Michael Bailey: Honesty and opportunity won't cut it on their own following Norwich City AGM
Archant © 2017
In his weekly column, Norwich City correspondent and PinkUn Show host Michael Bailey discusses the ripples left by the Canaries’ 2017 annual general meeting…
For the second year running, there was a fresh face at the top table wondering what on earth the Norwich City board let itself in for every 12 months.
In 2016 it was recently installed chief executive Jez Moxey, left to look around and compare the Canaries’ annual general meeting to what he used to see at Wolves – effectively him and 100pc owner Steve Morgan spending 15 minutes tying up a few loose ends.
Moxey was so enamoured with the City process he also made an appearance at this year’s AGM, albeit only as a £700,000 verbal footnote in City’s 12 months of mistakes and miscalculations.
And this time around it was sporting director Stuart Webber, who with almost his first opportunity to take the floor made the point City’s long-standing format of an AGM followed by a question and answer session was something he had not witnessed at any of his previous clubs.
The intensity of the night should never be in question. Covering it involves a barrage of information, opinion and soundbites – alongside the subsequent fans’ reactions, which it seems with each passing year vary hugely between those in the audience and the supporters digesting the news externally on social media.
While short on any particular energy, the majority of appreciation and approval in the room was a somewhat different beast to the latest digital meltdown, which now seems to attach itself to most Norwich City breaking news stories.
In truth, Webber set the tone with some searingly honest answers – especially on the frittering away of Premier League revenue in the last few years, that has now left City without anything to show for such riches.
The football chief spelt it out in three stats, albeit no doubt to make the point the Canaries board has slung money at City’s ambitions. Seven of City’s eight most expensive signings took place in the last two years, with an average wage in excess of £20,000 per week. In fact in the 2015-16 season, City’s net spend was greater than those reported by Tottenham, Crystal Palace Aston Villa, Chelsea, Swansea, Southampton and Arsenal.
For one final time, where has the money gone? City spent it. And they spent it badly.
Finally Webber revealed this summer’s transfer window involved recruits averaging under £10,000 per week in salary – clearly a point he wanted to make, and for me a nod to the size of the challenge promotion was always going to be this season. He went as far as to be the only person on the night I can recall, who defended as unwarranted some of the criticism received by the board.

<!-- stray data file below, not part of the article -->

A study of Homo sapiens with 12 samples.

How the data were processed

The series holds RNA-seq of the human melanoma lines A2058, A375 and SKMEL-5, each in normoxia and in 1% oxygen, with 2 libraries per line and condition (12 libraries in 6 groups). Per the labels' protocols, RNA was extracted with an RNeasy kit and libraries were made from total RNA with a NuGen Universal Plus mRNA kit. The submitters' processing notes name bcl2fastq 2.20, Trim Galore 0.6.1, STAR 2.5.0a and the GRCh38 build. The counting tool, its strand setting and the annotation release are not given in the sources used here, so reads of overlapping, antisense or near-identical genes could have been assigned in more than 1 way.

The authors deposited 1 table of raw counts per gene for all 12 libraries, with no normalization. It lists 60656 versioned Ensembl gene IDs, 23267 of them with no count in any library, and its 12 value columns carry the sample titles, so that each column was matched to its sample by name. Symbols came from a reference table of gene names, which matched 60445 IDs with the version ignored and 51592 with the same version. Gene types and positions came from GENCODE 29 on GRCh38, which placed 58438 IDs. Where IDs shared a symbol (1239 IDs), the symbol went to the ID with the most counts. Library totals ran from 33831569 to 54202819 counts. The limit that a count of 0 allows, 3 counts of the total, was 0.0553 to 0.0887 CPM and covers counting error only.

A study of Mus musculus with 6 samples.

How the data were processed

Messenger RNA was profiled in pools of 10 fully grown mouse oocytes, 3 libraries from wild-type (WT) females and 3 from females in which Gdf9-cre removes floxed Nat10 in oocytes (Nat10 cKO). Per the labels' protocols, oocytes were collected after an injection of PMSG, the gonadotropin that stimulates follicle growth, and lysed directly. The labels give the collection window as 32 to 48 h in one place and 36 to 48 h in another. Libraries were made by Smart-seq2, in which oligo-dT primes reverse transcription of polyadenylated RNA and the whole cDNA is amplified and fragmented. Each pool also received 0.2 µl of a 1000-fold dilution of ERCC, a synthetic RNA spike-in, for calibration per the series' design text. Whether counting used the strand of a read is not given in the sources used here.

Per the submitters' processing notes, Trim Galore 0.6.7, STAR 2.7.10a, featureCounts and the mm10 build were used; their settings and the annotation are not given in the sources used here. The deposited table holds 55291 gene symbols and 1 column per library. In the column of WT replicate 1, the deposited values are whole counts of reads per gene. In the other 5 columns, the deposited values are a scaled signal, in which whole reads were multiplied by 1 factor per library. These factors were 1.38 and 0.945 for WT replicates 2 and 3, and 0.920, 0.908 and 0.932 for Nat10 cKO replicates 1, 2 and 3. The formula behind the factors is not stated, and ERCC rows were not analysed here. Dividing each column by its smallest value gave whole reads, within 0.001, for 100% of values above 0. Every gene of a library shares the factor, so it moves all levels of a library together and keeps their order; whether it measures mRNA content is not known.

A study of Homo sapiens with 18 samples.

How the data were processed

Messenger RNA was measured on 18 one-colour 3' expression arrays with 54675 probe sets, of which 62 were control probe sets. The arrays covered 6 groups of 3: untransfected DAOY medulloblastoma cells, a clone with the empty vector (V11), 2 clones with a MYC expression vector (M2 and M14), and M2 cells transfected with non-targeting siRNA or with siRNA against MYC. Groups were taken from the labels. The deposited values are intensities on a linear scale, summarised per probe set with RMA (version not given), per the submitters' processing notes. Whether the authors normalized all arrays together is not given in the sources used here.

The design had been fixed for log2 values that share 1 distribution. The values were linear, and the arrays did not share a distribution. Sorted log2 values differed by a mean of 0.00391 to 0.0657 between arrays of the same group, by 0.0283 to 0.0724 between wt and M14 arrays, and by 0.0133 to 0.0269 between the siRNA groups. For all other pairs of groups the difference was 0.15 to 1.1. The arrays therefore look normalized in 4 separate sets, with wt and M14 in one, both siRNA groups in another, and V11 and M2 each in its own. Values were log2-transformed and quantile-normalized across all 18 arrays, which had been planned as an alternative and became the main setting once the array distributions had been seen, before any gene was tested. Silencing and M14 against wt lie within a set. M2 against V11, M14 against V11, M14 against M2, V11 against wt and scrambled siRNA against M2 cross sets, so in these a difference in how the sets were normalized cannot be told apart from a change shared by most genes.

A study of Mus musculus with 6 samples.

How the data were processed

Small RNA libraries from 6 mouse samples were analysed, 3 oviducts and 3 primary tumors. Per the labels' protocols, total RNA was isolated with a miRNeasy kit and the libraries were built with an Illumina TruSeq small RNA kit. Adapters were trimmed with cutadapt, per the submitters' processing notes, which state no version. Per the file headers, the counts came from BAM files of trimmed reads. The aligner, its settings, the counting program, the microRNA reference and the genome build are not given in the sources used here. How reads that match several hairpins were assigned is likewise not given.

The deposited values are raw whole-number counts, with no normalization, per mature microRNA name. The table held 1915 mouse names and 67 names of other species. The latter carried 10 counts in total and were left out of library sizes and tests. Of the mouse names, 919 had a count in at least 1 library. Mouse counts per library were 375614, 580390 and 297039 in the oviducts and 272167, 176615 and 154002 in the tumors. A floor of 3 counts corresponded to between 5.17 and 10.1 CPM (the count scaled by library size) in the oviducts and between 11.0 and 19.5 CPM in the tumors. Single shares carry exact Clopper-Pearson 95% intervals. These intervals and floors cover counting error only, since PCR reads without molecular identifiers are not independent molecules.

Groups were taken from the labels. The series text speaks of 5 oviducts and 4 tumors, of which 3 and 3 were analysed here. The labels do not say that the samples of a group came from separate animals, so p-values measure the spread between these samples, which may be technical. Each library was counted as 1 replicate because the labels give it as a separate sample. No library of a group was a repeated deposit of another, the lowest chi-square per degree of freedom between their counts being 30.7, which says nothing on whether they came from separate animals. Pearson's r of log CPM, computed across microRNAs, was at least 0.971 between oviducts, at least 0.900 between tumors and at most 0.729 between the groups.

Not that Webber received reciprocal help. Chairman Ed Balls’ statement “the jury’s out” on the summer changes made by the board and aimed at medium to long-term results seemed unduly harsh on the newly appointed figures – when the rest of the night revolved around discussing the directors’ mistakes, while asking for even more faith and trust from shareholders and season ticket holders alike.
I feel like I’ve written about City’s financial issues for years. With recruitment – rather than money – the key component to football success, the Canaries have struggled with both since Paul Lambert left the club.
Regardless of medium to long-term discussion points, the short-term never goes away – and there is no denying how tough tonight is, at the start of three awkward fixtures that could slay real hopes this term will have a fairytale finish.
Likewise, City have shown they can surprise us under Daniel Farke – while the return of some bodies missing through injury could yet alter the landscape.
That hope is the immediate, yet what’s surrounding Norwich City Football Club at present feels about much more than that.
Major academy improvements needed, shedding parachute payments and any lingering inflated expectations that come with it, financial challenges that for me rival anything the club has dealt with in its chequered past and impending questions over the need for inward investment.
There is no getting away from a single one of those points in the coming months.
And still, credit where its due. The Norwich City board puts itself up each year to field any questions shareholders are willing to throw at them.
What the City board needs to make sure happens between now and the AGM of 2018 – whether in the meantime we see promotion or the significant ramifications of anything else – is no more fresh faces on the top table. Because if they have got it wrong this time, it’s really hard to see what options would be left for them to take.